VMware made a bevy of moves this week to solidify its hybrid cloud strategy, expand its total addressable market and embrace rival platforms that could threaten its data center stronghold. But to truly understand VMware's moves you need to take a refresher on Microsoft's embrace and extend strategy from the 1990s.
But first here's a quick recap of VMware's moves:
- VMware integrated OpenStack and launched application programming interfaces that will connect the company's cloud and data center platform with the open source cloud operating system that is a competitor. VMware also launched its own OpenStack distribution. OpenStack and the bevy of IT giants that support it are tied together in part to prevent VMware from monopolizing cloud infrastructure.
- VMware bought into Docker containers with Google, Docker and Pivotal. By bringing Docker into VMware, the virtualization leader can offer its customers access to containers that could compete with virtual machines.
- Embedded appliances with hardware vendors such as Dell, EMC and Fujitsu. Meanwhile, a bevy of networking players have connected to VMware's NSX platform too. VMware will now have a hardware route into the data center.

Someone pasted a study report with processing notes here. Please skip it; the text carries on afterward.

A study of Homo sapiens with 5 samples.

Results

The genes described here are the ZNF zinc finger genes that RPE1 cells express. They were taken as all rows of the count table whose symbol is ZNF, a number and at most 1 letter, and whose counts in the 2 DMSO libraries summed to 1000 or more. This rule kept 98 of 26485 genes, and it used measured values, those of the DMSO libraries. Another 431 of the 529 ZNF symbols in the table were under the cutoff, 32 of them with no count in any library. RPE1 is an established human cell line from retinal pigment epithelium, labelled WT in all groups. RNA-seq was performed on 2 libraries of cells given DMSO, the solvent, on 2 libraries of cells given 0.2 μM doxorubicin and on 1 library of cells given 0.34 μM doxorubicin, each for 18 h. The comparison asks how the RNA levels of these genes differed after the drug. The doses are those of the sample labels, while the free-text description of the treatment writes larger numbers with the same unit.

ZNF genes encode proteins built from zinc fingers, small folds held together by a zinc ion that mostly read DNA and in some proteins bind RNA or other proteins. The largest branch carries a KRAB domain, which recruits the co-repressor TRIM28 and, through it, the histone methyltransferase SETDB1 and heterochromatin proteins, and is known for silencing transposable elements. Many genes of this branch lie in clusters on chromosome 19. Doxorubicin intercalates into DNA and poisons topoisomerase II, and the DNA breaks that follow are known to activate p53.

- The launch of vCloud suite improvements as well a new vRealize suite for software defined data centers.
From afar, it's easy to conclude that VMware is looking to thwart threats by bringing them into the fold and adding extra value. Some folks have complained that VMworld lacks innovation and vision. To those critics, VMware looks very reactive. Appliances? VMware says me too. OpenStack? VMware says we love it too. Docker and containers? VMware says oh yeah we can do that. These folks would argue that VMware's vision of the hybrid cloud is more about keeping customer base and licensing and maintenance revenue stream even has players like Amazon Web Services and Microsoft Azure gain momentum.
VMware's embrace and extend is a kinder gentler version of Microsoft's but the two approaches do rhyme.
Here's a look at a graphic from Microsoft exec J. Allard's internal memo from 1994 arguing that Windows should embrace and extend the Internet. One of the recipients was Paul Maritz, who used to be CEO of VMware.
And here's a look at a slide from VMware CEO Pat Gelsinger's presentation at the company's analyst day on Monday.
The common threads are clear. Microsoft saw Windows as the center of the Internet with extenders to other technologies. By embracing containers and OpenStack, VMware sees its platform the center of the enterprise cloud.
Bottom line: It's unclear to me whether VMware is the last great traditional enterprise software company or an early cloud computing pioneer. VMware could wind up being a hybrid that straddles both categories.
In the end, VMware can embrace the cloud competition and extend it with its own tools and still make gobs of money. Perhaps the real innovation with VMware is about the business model and ability to chase the total addressable cloud market before rivals get too far ahead.